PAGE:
Updated: MPG Cuts 50 | Adweek Updated: MPG Cuts 50 | Adweek


The cuts were imposed three months after the arrival of a new North American CEO, Shaun Holliday, who replaced Charlie Rutman on Jan. 1. (Rutman remains a consultant to the agency). Insiders said Holliday, who has a financial background with no advertising or media agency experience, had been planning cuts since shortly after he arrived.

Holliday, 50, has held senior posts at several major consumer-focused marketing companies. Most recently, he was a CEO-in-residence at Gryphon Investors, a leading private equity firm. Previously, he served as president of new business and innovation for Newell Rubbermaid, president of international for the Pepsi Bottling Group, CEO of Diageo's Guinness Ireland Group and general manager of Frito-Lay's direct division. He also has served as CEO of two technology startups, eMac Digital and Living.com. 

Holiday could not be immediately reached for comment.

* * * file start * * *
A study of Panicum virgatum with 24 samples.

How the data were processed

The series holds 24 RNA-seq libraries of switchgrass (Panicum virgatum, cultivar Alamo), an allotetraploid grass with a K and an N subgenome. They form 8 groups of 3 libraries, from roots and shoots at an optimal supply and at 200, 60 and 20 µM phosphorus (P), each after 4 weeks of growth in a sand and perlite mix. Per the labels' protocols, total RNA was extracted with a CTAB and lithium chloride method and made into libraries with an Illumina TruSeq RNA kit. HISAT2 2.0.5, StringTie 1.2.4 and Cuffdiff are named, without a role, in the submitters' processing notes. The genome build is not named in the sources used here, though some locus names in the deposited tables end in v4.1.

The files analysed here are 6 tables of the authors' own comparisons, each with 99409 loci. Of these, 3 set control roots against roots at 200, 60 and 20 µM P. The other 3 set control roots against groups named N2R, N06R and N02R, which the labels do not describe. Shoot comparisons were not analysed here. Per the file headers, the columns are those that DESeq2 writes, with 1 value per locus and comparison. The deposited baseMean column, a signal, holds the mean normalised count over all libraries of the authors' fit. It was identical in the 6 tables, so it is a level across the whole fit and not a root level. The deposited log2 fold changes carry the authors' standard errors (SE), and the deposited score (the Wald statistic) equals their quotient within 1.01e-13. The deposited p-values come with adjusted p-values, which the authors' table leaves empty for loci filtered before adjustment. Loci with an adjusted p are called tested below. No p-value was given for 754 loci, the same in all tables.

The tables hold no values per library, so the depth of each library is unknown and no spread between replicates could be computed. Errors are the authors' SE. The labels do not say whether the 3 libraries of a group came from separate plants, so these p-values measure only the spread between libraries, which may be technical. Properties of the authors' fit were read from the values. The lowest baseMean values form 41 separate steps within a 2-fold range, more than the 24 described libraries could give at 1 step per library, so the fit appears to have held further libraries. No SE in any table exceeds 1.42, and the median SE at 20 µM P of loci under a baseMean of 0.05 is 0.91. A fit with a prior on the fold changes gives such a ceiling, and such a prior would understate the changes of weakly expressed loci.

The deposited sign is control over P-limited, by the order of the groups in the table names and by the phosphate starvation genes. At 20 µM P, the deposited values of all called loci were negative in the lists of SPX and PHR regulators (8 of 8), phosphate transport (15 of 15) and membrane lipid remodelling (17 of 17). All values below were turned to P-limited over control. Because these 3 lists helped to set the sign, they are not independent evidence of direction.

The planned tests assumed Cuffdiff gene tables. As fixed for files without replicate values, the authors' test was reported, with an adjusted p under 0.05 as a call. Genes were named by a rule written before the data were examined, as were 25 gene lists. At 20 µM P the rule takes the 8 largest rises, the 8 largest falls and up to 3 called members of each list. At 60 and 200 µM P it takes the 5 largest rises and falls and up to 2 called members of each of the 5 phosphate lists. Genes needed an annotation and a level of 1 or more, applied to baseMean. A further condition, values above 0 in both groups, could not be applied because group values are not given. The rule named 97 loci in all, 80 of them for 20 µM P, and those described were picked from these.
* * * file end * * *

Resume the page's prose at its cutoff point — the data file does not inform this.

In a statement, MPG confirmed cuts were made but offered few details. "MPG today announced the steps it has taken this week to streamline U.S. operations," the statement said. It cited "economic conditions and the need to free up resources to fund growth" as the primary factors for the cuts, which it said "primarily" affected its headquarters in New York.

In that statement, CEO Holliday said: "We are experiencing good momentum in the marketplace due to our recent successes expanding core client relationships and winning new business. Cost reduction initiatives, such as those announced today, are not about shrinking the business into a more profitable core -- on the contrary, they are about funding and fueling growth."

At the end of 2008, MPG said it had 460 U.S. staffers, meaning that the cuts would reduce that total to about 410. The shop posted revenue growth of 7 percent in 2008, according to Adweek research, which was below the industry average of 11 percent.

MPG is the latest in a long line of shops and holding companies to lay off workers as a result of the recession. One of the agency's biggest clients, Sears Holdings, parent of both Sears and Kmart, spent $590 million on ads in 2008, or $100 million less than it spent the previous year, according to Nielsen.

This story has been updated with MPG's statement and Holliday's comments.